Since Nelson Mandela, a man whose name is synonymous worldwide with leadership and the fight for justice, died Dec. 5 at the age of 95, Penn communities have responded in their own ways to his passing.
Scholars like Marybeth Gasman, a professor at the Graduate School of Education, have taken to reflecting on how South Africa changed under Mandela’s presidency and influence. “By and large, most of the people I’ve come across in all different areas [there] are very caring, very forgiving, very loving. And I think a lot of that comes from Mandela.”
Since 2003, Gasman has taken students on trips to the country during the summer. This summer, she will be taking a group of alumni.
One of the requirements for students on Gasman’s trips has been to read Mandela’s autobiography, “Long Walk to Freedom”. “Sometimes students will hem and haw about reading it, since it’s so big at first, but I think people really get into reading it, since it’s so life changing,” Gasman said. “He’s not a perfect person, but he’s someone who admits his mistakes … I think they find it to be really inspiring.”
On the trips, Gasman and her groups travel the country widely, exploring both daily life in the cities and the centers of the anti-apartheid movement. “Going to Robben Island, you don’t get that out of your system,” she said of visiting the institution where Mandela was jailed for nearly two decades.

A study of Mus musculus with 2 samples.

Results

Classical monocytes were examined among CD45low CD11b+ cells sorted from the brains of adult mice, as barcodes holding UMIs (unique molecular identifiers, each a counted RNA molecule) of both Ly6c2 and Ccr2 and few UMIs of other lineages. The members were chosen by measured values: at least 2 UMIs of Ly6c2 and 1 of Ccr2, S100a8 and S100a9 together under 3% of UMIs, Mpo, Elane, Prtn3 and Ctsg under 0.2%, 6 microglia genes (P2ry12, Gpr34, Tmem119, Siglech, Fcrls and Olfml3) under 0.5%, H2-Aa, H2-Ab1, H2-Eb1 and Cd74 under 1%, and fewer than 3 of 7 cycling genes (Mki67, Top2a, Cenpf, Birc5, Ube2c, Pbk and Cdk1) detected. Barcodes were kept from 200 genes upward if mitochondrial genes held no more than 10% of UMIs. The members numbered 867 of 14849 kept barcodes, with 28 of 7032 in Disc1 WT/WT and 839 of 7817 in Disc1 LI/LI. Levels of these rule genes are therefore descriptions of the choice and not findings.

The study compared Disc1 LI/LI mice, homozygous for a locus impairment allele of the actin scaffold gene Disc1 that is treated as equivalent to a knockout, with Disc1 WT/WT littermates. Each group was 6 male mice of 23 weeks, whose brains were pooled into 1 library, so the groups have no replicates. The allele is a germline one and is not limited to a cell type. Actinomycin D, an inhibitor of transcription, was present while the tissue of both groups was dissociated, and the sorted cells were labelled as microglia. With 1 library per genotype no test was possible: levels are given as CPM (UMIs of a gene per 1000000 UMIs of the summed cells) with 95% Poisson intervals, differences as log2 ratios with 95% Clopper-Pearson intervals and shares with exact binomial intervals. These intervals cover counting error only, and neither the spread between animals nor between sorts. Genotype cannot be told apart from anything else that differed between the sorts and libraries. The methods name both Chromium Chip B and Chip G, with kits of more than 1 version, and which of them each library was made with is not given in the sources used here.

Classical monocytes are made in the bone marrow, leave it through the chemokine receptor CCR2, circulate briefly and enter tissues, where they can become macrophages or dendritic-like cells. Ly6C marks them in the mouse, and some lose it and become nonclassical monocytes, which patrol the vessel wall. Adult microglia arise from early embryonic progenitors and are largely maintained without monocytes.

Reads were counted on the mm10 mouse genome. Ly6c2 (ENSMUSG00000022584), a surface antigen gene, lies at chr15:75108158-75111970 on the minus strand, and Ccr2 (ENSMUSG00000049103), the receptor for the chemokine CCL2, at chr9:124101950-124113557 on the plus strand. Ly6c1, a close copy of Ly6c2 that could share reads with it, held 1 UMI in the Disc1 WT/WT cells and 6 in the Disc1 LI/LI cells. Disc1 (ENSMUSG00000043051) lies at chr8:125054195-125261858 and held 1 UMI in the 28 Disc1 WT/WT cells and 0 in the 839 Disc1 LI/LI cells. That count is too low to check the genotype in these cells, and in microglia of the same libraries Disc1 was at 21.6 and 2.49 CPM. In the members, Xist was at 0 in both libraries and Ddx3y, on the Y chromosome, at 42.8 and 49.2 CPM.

And though Gasman acknowledges South Africa is not a perfect place, she believes “the positive things [about it] are deeply attributable to him.”
“Mandela, and his being in prison for so many years, and coming out, and doing so much good, creates a really phenomenal example … people in the country really want to be better,” she said.
Penn President Amy Gutmann reminisced about Mandela as well. Gutmann attended a conference in Johannesburg in 1991 where Mandela, fresh out of prison, was the keynote speaker.
“That’s where he, in response to a question from the audience, said, ‘I wouldn’t wish the kind of violence experienced by my people to be experienced by anyone, even my worst enemy’,” she said, remembering the talk.
After his talk, Mandela “graciously invited” Gutmann to a conversation about education for democracy in South Africa. Following this conversation, Gutmann said her attitude toward her work changed.
She called meeting Mandela “a really singular moment for me,” and she “went away subconsciously and consciously thinking, ‘I really want not only to teach and write about democracy and education. I want to do something about it.’”
Students, too, have taken it upon themselves to mourn the leader. The Penn African Students Association hosted a candlelight vigil followed by a discussion in Du Bois College House on Dec. 9.
Though Mandela’s passing, President of PASA and College junior Kevin Rugamba said, “wasn’t totally unexpected,” it was still news that rocked the world. Yesterday, leaders from around the globe gathered to pay their respects for Mandela at a memorial service in Johannesburg.
“[The vigil] was our way of paying our respects to an African icon. We were celebrating his life and legacy. We had a couple Penn students talk about their thoughts on Mandela and fond memories of his inspiration. It was touching,” Rugamba said.
“We’re all inspired by him in different ways, so it’s nice to come together, talk about ways in which we were [inspired] and talk about him and his legacy,” he added.
Senior staff writer Seth Zweifler contributed reporting.